The metals and engineering sector is set to grow for the third consecutive year in 2019, despite the past year having been generally challenging for both the global and domestic economies.
This is according to the Steel and Engineering Industries Federation of Southern Africa (Seifsa), which released its ‘State of the Metals and Engineering Sector Report for 2019-2020’ on Friday.
In light of the positive performance of the sector in recent years, this edition of the report was published under the theme ‘Sharpening the saw – continuously improving industry activity and competitiveness’.
Presenting the findings was Seifsa chief economist Dr Michael Ade, who indicated that the metals and engineering sector will expand by 1.8% this year.
He noted, however, that the various subsectors would register varied levels of growth, with some expanding and others contracting during the year.
“The prognosis aligns with the outlook for both a moderating global growth and domestic growth in 2018, underpinned by a slowdown in the pace of recovery in commodity exporters, deceleration of growth in commodity importers, a slowdown of growth in global goods and industrial activity during the first half of 2018 and the imposition of broad-based tariffs by the US on steel and aluminium imports.”
The majority of metals prices had weakened in 2018, mainly as a result of concerns about the impact of tariffs on global growth and trade.
Industrial metals were especially susceptible to these concerns, owing to these metals’ many uses in the manufacture of tradable goods.
However, the report predicts a more positive outlook for 2019 and 2020, with metals prices generally expected to stabilise. This will lead to strengthened exports and improved growth prospects for commodity exporters, including the metals and engineering cluster of industries, as well as enhanced capital inflows.
However, the report cautions that there are downside risks, including continuing trade tensions, diminishing industrial activity, the softening of international trade and investment and considerable financial market pressures on some large emerging market and developing economies (EMDEs).
According to Ade, trade tensions between the US and China, including tariffs on an array of products, have had varied effects on metals and agricultural commodities.
Tensions affected about 2.5% of global goods trade, from which South Africa was not immune.
Moreover, these tensions continue to remain elevated.
According to Ade, tighter external financing conditions have the propensity to increase external borrowing costs and the general cost of doing business, which also negatively impacts on production and foreign fixed investment into the sector.
These conditions are highlighted as contributing to considerable capital outflow and considerable currency pressures in more vulnerable EMDEs, including South Africa.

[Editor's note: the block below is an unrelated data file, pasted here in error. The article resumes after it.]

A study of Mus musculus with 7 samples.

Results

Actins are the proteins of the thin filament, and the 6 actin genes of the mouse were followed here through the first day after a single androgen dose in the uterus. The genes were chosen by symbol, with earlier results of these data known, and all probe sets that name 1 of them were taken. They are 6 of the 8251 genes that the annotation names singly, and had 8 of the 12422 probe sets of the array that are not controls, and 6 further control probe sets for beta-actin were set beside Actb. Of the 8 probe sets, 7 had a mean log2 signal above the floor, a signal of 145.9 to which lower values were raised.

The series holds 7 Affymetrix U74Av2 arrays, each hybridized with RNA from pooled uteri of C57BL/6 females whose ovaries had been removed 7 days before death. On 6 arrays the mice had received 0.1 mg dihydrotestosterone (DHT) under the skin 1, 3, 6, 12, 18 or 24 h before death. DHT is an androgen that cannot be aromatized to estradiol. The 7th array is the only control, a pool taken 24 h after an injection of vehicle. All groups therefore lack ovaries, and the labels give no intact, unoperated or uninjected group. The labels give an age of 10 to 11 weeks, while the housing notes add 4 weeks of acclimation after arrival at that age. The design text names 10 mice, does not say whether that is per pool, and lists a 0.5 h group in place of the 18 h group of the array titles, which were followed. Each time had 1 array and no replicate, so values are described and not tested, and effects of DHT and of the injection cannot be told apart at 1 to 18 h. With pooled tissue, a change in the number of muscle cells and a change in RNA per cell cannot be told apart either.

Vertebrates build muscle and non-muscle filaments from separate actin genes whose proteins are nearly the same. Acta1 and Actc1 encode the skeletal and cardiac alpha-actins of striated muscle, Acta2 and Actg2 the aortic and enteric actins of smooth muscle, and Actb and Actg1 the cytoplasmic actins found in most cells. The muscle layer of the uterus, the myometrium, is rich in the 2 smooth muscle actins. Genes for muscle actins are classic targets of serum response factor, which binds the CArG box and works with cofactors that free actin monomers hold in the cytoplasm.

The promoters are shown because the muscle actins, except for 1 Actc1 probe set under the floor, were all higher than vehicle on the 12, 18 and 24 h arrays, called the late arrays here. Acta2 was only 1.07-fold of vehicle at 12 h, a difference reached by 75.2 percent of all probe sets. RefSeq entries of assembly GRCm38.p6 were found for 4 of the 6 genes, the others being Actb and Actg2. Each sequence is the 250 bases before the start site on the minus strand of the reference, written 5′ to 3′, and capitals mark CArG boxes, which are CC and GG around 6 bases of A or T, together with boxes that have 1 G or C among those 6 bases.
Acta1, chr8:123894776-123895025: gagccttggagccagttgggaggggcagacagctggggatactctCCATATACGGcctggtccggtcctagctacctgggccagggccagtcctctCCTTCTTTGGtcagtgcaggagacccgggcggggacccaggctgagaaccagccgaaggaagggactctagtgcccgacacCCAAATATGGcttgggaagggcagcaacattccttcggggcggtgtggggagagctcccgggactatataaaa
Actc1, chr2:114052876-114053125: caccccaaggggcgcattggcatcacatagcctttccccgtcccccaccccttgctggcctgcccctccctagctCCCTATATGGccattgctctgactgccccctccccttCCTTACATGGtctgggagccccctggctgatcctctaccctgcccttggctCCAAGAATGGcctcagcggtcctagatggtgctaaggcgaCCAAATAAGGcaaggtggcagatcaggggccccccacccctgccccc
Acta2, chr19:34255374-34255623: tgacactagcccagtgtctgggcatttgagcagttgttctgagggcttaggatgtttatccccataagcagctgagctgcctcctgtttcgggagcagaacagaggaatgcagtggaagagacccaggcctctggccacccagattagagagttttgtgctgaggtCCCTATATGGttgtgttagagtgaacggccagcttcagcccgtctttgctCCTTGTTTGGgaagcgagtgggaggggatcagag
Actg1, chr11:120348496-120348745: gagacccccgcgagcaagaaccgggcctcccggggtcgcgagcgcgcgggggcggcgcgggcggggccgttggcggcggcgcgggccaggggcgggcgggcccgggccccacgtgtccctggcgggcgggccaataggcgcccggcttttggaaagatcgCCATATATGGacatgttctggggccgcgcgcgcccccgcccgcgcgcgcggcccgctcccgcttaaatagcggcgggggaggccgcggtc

Ade posited that, to confront this increasingly difficult environment, EMDE policy makers must focus on preparing for possible bouts of financial market stress and rebuilding macroeconomic policy buffers as appropriate.
Moreover, he highlighted that policy must also foster stronger potential growth by means of boosting human capital, removing barriers to investments and promoting trade integration within a rules-based multilateral system.
Despite these downside risks, Ade said the metals and engineering sector’s moderate growth prospects for this year are influenced by the positive growth prospects for key industries that are important markets for the sector’s intermediary products and are vital in its value chain.
He indicated that the performance of the domestic economy – which is forecast to grow at 1.3% this year and 1.7% in 2020, supported by continuous improvement of regional markets in Africa, will positively impact on the sector’s growth prospects.
He predicted that sub-Saharan Africa’s growth would improve moderately this year, at 3.4%, and in 2020, at 3.6%.
This is especially important given that Africa is the highest export destination for goods produced by companies in the domestic metals and engineering cluster.
The metals and engineering sector grew by 2% in 2018, despite contending with serious structural headwinds, including a technical recession in the broader economy.
Ade indicated that this momentum is anticipated to continue this year, with all indications that the sector would mark another increase in growth, barring any major disruptions to production.
This growth is despite continuous constraints on the current potential to improve on margins in the sector.
Ade said that, in light of the recent resilience in production in the sector, despite companies facing domestic headwinds, there is a need to ensure that the sector remains attractive by directly reducing increasing intermediate input costs and managing borrowing costs to improve consistently on the bottom line.